What is Film Noir?

Film Noir may sound French, but it is actually a genre of film that was popular in America during the 40s and 50s. Noir actually means black and it is a way to describe how these films were made, with shadowy lighting, seedy settings and fatalistic overtones of themes. Often film noir is centered around detectives who are the main protagonists in the plot.

Key Elements

Elements that make film noir what it is are:

  • Detective films made in the 1940’s and 50’s
  • Low-budget effects especially in regard to lighting
  • Examples being Touch of Evil & The Maltese Falcon.

The Origins of Film Noir

Interestingly film noir was not a genre of film that Hollywood set out to deliberately make. In fact the term film noir was brought about by a French film critic, Nino Frank. He coined the phrase to classify low-budget crime dramas such as gangster films.

It became more mainstream in Hollywood as there were a plethora of crime novels being written in the 40’s that were being made into films. And in a way the films duplicated the seedy dime novels that they took as inspiration. Authors such as Raymond Chandler reeled off dozens of such stories that inspired many films, such as the classics The Big Sleep, The Lady in the Lake, and The Long Goodbye.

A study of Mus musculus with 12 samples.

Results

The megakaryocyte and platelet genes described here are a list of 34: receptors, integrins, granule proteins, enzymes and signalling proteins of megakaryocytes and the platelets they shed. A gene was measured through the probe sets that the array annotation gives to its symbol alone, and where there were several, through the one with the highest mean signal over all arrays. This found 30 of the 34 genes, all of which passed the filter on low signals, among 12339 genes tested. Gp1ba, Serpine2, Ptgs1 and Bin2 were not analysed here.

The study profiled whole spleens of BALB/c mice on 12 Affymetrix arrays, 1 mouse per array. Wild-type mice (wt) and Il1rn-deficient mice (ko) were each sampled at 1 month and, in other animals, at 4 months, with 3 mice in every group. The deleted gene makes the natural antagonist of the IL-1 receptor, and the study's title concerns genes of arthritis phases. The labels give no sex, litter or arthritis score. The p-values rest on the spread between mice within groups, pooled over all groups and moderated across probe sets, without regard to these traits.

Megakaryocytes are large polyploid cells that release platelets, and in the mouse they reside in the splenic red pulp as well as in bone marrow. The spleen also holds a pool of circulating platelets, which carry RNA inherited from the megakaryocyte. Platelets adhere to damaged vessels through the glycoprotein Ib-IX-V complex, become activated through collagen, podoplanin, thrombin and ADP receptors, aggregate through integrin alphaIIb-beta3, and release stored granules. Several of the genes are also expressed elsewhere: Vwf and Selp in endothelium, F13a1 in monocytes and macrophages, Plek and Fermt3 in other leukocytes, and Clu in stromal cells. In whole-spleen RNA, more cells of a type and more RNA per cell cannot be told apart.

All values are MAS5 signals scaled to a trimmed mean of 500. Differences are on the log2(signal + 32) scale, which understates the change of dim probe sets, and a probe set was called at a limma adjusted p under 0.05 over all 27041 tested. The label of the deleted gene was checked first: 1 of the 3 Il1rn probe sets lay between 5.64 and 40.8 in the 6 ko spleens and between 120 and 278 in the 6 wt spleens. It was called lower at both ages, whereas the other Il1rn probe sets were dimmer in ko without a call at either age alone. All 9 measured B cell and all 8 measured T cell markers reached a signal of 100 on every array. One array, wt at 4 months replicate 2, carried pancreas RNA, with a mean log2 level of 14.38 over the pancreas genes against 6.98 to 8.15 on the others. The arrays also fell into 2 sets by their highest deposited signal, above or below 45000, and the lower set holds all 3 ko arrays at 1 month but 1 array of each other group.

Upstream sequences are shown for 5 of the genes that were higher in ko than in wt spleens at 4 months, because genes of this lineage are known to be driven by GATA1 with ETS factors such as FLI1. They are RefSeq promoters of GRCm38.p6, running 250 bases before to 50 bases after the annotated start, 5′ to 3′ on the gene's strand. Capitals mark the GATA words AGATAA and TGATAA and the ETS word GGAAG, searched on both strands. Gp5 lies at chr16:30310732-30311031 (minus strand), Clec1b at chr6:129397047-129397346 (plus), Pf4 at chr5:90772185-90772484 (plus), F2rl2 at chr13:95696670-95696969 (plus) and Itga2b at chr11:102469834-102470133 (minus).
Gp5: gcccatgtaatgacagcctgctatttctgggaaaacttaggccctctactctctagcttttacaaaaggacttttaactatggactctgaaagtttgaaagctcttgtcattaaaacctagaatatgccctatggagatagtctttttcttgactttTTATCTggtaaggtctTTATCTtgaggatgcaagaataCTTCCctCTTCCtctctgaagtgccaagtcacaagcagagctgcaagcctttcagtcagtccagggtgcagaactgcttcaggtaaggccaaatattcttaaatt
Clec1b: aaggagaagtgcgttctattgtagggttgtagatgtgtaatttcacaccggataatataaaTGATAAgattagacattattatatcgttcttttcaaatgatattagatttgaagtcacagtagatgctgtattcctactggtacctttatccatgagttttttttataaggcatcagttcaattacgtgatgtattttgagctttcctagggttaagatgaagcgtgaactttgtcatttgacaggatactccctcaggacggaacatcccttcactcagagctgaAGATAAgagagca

The Characteristics of Film Noir

Unusually there is no definitive description of what a film noir movie actually is. This is probably because there were so many films made before they tried to pigeon hole it. But the following elements usually occur in all film noir movies.

  • Characters – the main character is often a detective or a private eye, who is definitely not a bold upholder of the law. The character is flawed who has either a dark past or is morally ambiguous. Another strong character is the femme fatale which is somebody who is both very much desirable but very unreliable. The other characters are usually people of uncertain morals that live on the very fringes of American society, such as nightclub owners, gangsters, and gamblers.
  •  Location – a great deal of film noir movies are set in inner-city America such as Los Angeles or New York which glitter on the surface but have a dark underbelly. Quite often these films are shot on location rather than the studio.
  • Lighting – nearly all film noir films are shot on a low budget, therefore lighting effects are kept to a very minimum. Often the characters are covered in shadow to add to the suspicion of the plot.
  • Themes – often film noir films are fatalistic in their situations that they simply cannot get out of and which are also totally out of their control. The use of voice-overs is a typical feature of this genre of film.

Film noir has entertained audiences for many years, and some of the classic Hollywood movies of all time have embraced this genre of film.